The WA Government has quietly approved a groundwater extraction licence that would allow an overseas-based fracking company to take 100 million litres each year.

It's likely to be the first time a water licence has been issued to a fracking company since the WA Government overturned the moratorium on fracking in 2018. While this new licence is technically an amalgamation of three existing licences that were previously held by fracking company Buru Energy, concerned community groups question why Black Mountain has been granted such a large water take. 

Groups are also concerned there was insufficient scrutiny by the department as to whether Black Mountain truly requires the full 100 million litres for its claimed purposes of the maintenance of unconventional gas wells, dust suppression, mining camp purposes, stock watering and rehabilitation purposes”.

While the state’s water department (DWER) approved Black Mountain Energy’s water licence on May 2, no public statement was issued, and the only way to find evidence of the licence’s approval is by searching the company’s Australian subsidiary, Bennett Resources, on the WA Government’s Water Register website.

Meanwhile, the company’s associated “Valhalla” exploratory gas fracking project is still undergoing environmental assessment, and a public consultation process still needs to be conducted.

If Valhalla is approved, Black Mountain would drill 20 exploration wells between 2 km and 4 km deep and hydraulically fracture them in up to 70 stages each. It would also require an additional two billion litres of water.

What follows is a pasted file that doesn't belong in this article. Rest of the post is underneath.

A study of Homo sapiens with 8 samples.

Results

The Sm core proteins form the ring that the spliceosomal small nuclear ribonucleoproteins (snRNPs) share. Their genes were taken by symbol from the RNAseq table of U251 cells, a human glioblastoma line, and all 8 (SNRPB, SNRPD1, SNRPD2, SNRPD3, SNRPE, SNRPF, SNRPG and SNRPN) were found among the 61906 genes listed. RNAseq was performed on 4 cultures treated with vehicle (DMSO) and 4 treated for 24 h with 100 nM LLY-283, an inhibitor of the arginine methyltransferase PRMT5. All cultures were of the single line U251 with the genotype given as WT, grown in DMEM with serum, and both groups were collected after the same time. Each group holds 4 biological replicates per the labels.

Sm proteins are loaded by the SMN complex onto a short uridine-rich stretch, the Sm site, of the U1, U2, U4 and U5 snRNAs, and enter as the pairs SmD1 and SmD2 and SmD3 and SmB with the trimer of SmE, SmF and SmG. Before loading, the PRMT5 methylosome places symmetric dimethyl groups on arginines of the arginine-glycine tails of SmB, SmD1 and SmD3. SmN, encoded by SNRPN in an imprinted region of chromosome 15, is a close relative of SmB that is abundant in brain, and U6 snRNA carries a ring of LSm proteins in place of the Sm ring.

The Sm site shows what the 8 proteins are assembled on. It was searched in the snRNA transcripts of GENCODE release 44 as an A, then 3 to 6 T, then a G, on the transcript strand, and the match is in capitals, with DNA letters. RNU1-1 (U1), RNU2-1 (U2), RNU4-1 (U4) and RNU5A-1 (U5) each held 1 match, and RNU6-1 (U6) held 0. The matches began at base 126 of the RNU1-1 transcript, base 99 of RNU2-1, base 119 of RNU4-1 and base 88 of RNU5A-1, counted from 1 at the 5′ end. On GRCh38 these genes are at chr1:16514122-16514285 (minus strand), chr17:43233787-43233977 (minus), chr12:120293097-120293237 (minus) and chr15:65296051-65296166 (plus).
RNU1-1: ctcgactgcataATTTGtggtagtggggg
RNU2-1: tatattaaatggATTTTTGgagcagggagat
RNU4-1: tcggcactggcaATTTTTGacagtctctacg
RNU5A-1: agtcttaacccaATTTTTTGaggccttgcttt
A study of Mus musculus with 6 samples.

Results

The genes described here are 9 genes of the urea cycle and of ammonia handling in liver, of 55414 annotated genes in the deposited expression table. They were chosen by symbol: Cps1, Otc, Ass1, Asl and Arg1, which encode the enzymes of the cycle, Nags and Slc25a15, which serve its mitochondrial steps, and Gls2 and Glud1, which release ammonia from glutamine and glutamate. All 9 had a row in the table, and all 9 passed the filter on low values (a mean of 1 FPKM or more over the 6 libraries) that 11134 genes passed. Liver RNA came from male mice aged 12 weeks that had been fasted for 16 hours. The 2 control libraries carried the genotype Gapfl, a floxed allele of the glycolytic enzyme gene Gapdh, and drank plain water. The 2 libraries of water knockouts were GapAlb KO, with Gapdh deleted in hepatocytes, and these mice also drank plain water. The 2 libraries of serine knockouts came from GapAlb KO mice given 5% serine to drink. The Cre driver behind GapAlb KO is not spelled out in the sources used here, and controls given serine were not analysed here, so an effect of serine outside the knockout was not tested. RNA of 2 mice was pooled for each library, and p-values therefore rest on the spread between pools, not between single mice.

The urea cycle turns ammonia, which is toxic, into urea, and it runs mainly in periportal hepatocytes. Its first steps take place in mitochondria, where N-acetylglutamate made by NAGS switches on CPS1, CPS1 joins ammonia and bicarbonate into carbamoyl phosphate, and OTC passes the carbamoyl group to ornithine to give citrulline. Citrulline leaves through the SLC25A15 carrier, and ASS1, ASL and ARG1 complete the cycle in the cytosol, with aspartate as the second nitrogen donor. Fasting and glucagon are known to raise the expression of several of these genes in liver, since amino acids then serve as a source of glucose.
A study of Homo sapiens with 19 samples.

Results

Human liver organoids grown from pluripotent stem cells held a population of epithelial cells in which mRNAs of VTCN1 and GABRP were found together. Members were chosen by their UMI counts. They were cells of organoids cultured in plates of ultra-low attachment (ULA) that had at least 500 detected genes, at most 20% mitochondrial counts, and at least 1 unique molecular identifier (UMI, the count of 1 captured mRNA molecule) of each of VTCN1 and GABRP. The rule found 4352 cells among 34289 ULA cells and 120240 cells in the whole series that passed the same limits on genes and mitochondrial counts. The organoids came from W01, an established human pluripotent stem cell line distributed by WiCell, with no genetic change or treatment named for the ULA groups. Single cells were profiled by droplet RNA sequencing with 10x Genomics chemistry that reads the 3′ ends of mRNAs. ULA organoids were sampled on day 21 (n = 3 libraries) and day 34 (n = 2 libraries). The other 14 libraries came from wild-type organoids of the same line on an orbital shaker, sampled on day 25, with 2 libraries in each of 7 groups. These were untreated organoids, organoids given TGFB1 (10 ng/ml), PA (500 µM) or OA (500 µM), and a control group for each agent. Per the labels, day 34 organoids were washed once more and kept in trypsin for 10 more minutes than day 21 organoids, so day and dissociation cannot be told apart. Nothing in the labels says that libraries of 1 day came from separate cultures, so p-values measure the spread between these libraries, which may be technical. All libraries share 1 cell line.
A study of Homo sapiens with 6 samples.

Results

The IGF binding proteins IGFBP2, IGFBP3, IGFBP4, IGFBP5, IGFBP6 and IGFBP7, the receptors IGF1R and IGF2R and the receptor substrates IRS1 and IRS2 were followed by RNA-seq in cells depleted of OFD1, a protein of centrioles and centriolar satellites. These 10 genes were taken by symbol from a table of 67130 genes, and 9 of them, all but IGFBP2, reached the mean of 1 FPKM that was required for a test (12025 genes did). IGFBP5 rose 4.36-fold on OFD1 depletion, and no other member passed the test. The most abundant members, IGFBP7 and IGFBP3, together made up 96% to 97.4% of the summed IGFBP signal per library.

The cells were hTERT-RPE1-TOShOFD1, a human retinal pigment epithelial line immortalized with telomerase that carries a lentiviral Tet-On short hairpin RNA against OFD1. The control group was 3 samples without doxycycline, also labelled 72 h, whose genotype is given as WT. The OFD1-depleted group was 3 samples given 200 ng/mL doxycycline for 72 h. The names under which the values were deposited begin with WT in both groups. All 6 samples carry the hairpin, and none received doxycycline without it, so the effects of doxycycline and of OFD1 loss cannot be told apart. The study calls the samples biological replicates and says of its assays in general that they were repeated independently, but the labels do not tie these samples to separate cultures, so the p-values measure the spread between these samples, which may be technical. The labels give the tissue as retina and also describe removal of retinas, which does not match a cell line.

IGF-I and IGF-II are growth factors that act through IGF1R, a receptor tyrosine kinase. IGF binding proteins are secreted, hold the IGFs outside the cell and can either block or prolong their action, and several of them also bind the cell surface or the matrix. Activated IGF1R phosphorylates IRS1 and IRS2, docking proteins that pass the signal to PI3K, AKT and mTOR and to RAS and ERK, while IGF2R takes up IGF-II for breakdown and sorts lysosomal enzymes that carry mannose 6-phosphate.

Valhalla is also only an exploration project. Black Mountain’s website makes it clear the company wishes to expand to full scale production. If this occurs, it would require the drilling and fracking of many hundreds of wells. An export-scale project would also require a 1100km high-pressure gas pipeline to the Pilbara, processing facilities, pumping stations, flare stacks, and heavy-vehicle access roads. 

Environs Kimberley Director of Strategy Martin Pritchard said, “If Black Mountain goes into full production with hundreds of wells, the volume of precious groundwater required would be unimaginable.

“This incremental threat of enormous levels of precious groundwater extraction shows why fracking must not be allowed to take-off in the Kimberley. 

“Giving Black Mountain’s Valhalla Project the go ahead risks opening up the Kimberley to full-scale industrialisation by petroleum companies eager to get at the unconventional gas within the Canning Basin. This would ignite a carbon bomb, at a time when increasingly severe heat waves caused by the burning of fossil fuels and resulting climate change is putting the Kimberley at risk of becoming unlivable.”

Lock the Gate Alliance WA spokesperson Simone van Hattem said, “Giving an overseas fracking company access to 100 million litres of groundwater is a recipe for disaster.

“Unconventional gas extraction contaminates groundwater wherever it occurs, and contaminated water poses a risk to people’s health and the environment.

“It’s totally reckless for the WA Government to have granted this licence to Black Mountain with such limited scrutiny.”